The Winnipeg Jets revealed their 2020-21 training camp roster on New Year’s Day ahead of their truncated training camp and the 56-game season beginning Jan. 13.
While there was little in the way of personnel surprises, one player that stands out is Trevor Lewis, who was signed to a professional tryout (PTO) agreement.
Who is Trevor Lewis?
Lewis, a right-handed centre, is a veteran of 674-career NHL games. Selected in the first round of the 2006 NHL Entry Draft by the Los Angeles Kings, he spent his entire career thus far with that organization.
Lewis, 33, has recorded 70 goals and 93 assists for 163 points over 12 NHL seasons. In 2019-20 — the final season of a four-year deal that saw him paid $2 million annually — he recorded up six goals and six assists in 56 games.
The Salt Lake City-born product was part of the Kings’ 2012 and 2014 Stanley Cup-winning squads. In 79 career playoff games, he has 11 goals and 12 assists for 23 points.
How Could Lewis Help the Jets?
A Sports Forecaster scouting report describes Lewis a player who doesn’t have high-level offensive instincts but possesses a number of other potentially-valuable assets. It reads:
“Has good speed and two-way instincts. Can line up on either wing or at center in the big league… Works very hard. Provides energy, kills penalties and blocks shots.”Sports Forecaster on Trevor Lewis
Any player who can bolster the Jets’ penalty kill and overall defense is potentially useful. Last season, the Jets’ PK was 22nd in the NHL and killed off just 77.6 per cent of their infractions. The team as a whole allowed far too many high-danger chances and relied too much on goaltender Connor Hellebuyck, who deservedly won the Vezina Trophy, to bail them out.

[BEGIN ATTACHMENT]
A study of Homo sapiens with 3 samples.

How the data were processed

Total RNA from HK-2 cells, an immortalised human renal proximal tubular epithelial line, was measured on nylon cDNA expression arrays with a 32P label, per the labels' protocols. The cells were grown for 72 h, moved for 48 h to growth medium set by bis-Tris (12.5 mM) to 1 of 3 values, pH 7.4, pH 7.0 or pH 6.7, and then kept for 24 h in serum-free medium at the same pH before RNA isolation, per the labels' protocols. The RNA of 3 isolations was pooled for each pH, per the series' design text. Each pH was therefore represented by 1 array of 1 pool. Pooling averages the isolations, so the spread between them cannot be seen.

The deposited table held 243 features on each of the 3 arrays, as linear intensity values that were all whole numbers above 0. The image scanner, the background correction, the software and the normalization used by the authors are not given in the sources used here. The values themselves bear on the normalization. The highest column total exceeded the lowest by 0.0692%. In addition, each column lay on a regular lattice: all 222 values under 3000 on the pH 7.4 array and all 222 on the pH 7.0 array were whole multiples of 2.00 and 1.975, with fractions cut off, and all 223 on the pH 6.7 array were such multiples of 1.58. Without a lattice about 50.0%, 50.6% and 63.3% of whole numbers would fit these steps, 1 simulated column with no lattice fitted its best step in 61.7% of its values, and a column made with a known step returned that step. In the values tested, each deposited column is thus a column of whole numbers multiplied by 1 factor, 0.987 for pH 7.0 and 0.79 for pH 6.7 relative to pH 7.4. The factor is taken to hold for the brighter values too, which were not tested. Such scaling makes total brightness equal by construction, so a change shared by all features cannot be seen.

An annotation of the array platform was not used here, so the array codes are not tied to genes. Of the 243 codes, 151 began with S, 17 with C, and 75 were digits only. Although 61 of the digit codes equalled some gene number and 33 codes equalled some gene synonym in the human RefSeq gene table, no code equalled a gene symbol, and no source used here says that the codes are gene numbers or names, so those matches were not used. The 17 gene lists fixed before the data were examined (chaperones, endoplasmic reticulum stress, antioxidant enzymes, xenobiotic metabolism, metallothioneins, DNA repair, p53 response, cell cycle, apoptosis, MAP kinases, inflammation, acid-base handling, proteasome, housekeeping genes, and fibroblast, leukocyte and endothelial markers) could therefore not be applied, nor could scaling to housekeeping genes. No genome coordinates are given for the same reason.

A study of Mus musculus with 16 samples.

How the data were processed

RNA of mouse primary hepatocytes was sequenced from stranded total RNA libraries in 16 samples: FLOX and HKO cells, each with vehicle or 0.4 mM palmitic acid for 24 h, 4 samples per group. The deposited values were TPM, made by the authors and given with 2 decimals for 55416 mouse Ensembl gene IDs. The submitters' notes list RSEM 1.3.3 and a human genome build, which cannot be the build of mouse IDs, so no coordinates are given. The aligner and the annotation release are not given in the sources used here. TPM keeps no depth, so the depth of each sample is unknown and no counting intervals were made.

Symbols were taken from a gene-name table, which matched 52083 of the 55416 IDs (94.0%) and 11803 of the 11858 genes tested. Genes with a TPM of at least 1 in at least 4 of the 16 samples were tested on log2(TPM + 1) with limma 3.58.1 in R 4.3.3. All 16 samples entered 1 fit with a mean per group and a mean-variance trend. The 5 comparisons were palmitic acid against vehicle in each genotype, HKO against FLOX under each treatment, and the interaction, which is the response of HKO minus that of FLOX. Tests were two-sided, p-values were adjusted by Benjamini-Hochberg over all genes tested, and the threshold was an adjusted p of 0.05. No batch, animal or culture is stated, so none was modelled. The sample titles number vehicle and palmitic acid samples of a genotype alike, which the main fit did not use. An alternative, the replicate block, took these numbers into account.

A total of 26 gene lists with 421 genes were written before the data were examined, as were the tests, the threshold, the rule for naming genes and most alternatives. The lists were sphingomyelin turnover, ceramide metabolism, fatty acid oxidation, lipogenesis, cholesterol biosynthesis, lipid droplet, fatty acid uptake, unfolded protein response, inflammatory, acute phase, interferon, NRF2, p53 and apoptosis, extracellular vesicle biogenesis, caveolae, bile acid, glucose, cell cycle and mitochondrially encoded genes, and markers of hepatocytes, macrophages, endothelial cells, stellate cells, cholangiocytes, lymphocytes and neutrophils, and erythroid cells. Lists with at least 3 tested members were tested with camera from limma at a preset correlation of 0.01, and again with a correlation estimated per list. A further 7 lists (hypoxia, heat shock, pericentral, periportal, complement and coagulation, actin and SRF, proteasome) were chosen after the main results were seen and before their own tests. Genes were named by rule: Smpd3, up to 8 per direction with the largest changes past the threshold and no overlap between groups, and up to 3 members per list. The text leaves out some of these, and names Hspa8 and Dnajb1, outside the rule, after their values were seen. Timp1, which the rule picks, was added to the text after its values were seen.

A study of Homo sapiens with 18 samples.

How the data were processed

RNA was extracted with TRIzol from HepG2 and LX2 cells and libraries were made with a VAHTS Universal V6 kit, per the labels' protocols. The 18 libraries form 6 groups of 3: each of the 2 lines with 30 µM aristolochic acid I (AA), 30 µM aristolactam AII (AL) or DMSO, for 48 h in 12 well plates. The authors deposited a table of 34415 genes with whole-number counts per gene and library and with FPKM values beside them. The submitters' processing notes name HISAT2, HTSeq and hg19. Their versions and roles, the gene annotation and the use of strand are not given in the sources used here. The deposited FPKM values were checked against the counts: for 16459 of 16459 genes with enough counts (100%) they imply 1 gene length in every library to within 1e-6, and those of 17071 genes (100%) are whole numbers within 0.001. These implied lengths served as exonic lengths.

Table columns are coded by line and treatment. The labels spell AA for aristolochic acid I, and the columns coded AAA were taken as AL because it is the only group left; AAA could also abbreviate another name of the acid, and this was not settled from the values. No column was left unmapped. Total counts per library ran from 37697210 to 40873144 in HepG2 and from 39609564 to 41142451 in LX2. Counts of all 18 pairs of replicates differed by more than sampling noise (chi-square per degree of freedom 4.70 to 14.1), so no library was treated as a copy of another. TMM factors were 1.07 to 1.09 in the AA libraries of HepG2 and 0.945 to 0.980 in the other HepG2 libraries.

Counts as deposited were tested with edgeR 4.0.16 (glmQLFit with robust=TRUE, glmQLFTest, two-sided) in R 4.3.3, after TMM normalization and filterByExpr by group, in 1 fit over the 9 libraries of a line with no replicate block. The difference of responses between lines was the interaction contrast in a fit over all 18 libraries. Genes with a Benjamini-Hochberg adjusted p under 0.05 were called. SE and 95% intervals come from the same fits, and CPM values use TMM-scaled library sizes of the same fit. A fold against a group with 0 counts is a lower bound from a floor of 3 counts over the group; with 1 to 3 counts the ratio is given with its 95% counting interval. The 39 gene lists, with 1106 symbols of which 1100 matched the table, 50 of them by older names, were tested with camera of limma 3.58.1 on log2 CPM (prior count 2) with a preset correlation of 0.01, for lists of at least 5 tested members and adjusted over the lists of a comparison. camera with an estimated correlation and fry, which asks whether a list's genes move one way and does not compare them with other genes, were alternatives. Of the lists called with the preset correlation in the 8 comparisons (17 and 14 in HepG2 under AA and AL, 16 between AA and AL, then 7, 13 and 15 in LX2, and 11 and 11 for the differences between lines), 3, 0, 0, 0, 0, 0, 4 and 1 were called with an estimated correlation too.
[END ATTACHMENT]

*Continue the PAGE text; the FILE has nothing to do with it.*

Will Lewis Make the Team?
The road to a spot on the Jets’ opening-night roster will be tough one to travel for Lewis.
There are already a number of players vying for precious slots on the bottom-six. Adam Lowry and Andrew Copp are locks, and both are centres. However, they have played together in the past with Copp switching to wing.
Mason Appleton and Jansen Harkins, both coming off their entry-level deals, are strong contenders to make the opening-night lineup as well.
Mathieu Perreault is also probable to be there simply based on his contract — it would look bad on the organization to have a player making $4.125 million sitting in the press box.
That leaves only one open slot, which Lewis will have to battle Joona Luoto, Cole Perfetti, Nate Thompson, Dominic Toninato, and Kristian Vesalainen for. David Gustafsson would have also battled for a role but he’s currently recovering from an injury he suffered during his overseas loan with Tingsryds AIF and won’t be available for the start of came.
Players on PTOs, in general, are in tough. A critical analysis found that between 2015 and 2018-19, just 11.11 per cent of players on PTOs actually signed NHL contracts. The numbers are not on Lewis’ side.
However, he is certainly worth taking a look at. The Jets have nothing to lose by bringing him to training camp and seeing what he can offer them as they prepare for the all-Canadian North Division slugfests to come.
Declan Schroeder is a 26-year-old communications specialist and freelance journalist in Winnipeg, Manitoba. He holds a diploma in Creative Communications with a major in journalism from Red River College and a bachelors in Rhetoric and Communications from the University of Winnipeg.
Deeply rooted in the city’s hockey culture, the original Jets skipped town when he was two and the 2.0 version came onto the scene when he was 17.